CHILD poverty in Clackmannanshire is continuing to rise, according to new data from the Department of Work and Pensions.

Data covering the last 10 years revealed that the proportion of children under 16 living in a relatively low income family had risen by 11.3 percentage points since 2014/15.

A closer look at the findings showed that child poverty in Clacks sat at 16 per cent in 2014/15, but has since almost doubled to 27.3 per cent in 2022/23.

The figures showed a steady increase in child poverty in the Wee County, increasing to 22.9 per cent pre-pandemic before rising to the level it stands at just now.

A household is considered to be in relative poverty if its income is below 60 per cent of the current median average.

Clackmannanshire was the second highest on the list of Scottish local authorities, behind only Glasgow with 33.5 per cent of children in poverty.

At the other end of the list, only 10.3 per cent of children were reported to be in poverty in East Renfrewshire.

Responding to the figures, the UK Government said it was helping people on the lowest incomes with a range of measures, including boosting benefits and pensions, extending the Household Support Fund and introducing the biggest ever rise to the National Living Wage.

Councillor Ellen Forson, leader of Clackmannanshire Council, commented: “It is utterly unacceptable that in 2024, so many children continue to live in poverty.

“That is why tackling poverty is a top priority for Clackmannanshire Council and we have chosen to invest in mitigations to help reduce the cost of living for our families and improve their wellbeing and capabilities.

“Recent economic modelling estimates that actions like these, and those taken by the Scottish Government, mean that child poverty rates will be 10 and seven percentage points lower than they would have been otherwise – and this is improving the lives of children in our local communities.”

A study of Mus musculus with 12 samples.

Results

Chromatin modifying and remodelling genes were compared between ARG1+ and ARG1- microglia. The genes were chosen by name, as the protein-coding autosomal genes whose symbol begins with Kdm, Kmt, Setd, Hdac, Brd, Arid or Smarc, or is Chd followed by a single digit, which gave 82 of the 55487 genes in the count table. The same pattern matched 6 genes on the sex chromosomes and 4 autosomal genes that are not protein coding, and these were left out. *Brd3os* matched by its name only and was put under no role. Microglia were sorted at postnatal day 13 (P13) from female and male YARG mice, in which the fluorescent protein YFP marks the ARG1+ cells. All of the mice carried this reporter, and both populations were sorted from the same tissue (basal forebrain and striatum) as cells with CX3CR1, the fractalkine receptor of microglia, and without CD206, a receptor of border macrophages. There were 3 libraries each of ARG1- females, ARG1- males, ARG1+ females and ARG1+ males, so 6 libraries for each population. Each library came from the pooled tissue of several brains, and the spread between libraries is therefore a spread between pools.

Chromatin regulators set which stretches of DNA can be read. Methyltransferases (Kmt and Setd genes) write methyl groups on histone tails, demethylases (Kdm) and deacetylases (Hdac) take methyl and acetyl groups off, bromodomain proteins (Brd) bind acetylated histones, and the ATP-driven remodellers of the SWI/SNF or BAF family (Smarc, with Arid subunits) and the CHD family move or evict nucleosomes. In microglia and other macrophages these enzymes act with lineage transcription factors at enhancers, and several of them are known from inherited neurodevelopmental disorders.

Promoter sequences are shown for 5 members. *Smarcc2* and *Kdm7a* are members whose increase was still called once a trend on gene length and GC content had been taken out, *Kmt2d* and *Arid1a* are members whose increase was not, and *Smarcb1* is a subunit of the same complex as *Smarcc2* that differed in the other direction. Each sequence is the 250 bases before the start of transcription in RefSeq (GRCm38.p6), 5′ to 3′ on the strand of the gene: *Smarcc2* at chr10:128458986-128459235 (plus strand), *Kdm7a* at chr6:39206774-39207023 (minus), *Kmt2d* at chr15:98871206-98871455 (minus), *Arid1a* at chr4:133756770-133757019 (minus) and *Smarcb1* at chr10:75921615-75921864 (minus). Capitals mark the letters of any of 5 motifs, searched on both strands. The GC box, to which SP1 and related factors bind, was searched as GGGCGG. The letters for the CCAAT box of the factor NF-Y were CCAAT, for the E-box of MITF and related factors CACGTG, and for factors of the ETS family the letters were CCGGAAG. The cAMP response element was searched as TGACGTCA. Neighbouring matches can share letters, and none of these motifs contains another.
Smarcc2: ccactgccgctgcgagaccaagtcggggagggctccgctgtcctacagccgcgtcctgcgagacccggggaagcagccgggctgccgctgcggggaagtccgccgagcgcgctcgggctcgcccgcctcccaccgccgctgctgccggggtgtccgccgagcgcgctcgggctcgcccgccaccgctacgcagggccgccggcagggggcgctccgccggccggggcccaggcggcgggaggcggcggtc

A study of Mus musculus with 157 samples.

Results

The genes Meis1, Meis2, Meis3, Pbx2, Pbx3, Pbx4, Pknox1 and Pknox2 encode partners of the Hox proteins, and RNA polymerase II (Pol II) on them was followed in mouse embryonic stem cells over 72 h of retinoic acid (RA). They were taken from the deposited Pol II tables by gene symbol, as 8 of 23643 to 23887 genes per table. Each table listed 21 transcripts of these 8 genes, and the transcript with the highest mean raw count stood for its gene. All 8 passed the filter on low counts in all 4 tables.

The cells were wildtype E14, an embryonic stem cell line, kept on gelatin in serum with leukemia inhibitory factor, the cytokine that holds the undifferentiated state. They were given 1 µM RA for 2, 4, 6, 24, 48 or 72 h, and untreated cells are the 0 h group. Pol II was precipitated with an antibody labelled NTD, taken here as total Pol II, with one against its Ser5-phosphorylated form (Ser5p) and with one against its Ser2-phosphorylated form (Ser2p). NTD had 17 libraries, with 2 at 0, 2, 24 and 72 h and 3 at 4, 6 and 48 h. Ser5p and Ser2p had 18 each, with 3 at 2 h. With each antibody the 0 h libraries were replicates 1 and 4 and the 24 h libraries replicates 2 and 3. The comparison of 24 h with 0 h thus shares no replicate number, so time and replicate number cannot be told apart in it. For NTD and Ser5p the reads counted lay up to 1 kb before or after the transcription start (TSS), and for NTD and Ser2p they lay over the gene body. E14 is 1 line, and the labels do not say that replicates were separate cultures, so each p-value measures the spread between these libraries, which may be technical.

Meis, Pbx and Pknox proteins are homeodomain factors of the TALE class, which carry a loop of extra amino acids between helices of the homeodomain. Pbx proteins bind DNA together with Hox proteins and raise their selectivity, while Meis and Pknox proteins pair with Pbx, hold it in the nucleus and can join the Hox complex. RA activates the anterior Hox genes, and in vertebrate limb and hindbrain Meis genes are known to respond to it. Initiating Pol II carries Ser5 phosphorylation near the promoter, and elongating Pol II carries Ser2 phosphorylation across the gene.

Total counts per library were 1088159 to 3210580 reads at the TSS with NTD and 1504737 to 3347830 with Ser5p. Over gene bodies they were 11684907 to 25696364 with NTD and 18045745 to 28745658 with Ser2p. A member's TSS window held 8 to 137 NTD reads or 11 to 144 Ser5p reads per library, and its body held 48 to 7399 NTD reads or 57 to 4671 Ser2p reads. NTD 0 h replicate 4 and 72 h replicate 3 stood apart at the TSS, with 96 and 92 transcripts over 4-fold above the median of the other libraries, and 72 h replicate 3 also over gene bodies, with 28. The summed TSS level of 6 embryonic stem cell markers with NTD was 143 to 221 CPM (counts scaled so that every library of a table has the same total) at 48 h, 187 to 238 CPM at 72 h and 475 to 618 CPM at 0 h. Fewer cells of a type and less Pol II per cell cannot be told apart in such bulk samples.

As part of the council’s promise to lower child poverty rates in Clacks, they have launched several interventions over the past few years.

In 2022/23, 2092 pupils took up the Free School Meals (FSM) claim, which is over and above the entitlement for P1-P5.

Compared to national Registered Social Landlords (RSLs), Clackmannanshire rates are 15 per cent lower than locally operating RSL rents, with the greatest headroom in larger rent, supporting families.

The council has a number of contracts with Citizens Advice Bureau to provide income maximisation and financial health checks for individuals. This results in increased income for families, which saved Clackmannanshire residents £113,822 in 2022/23 alone.

The Clackmannanshire Child Wellbeing Partnership provided 216 children with free childcare including breakfast clubs, supper clubs, hot meals and childcare. This supported families to gain enhanced income, employment opportunities and training and reduced food costs.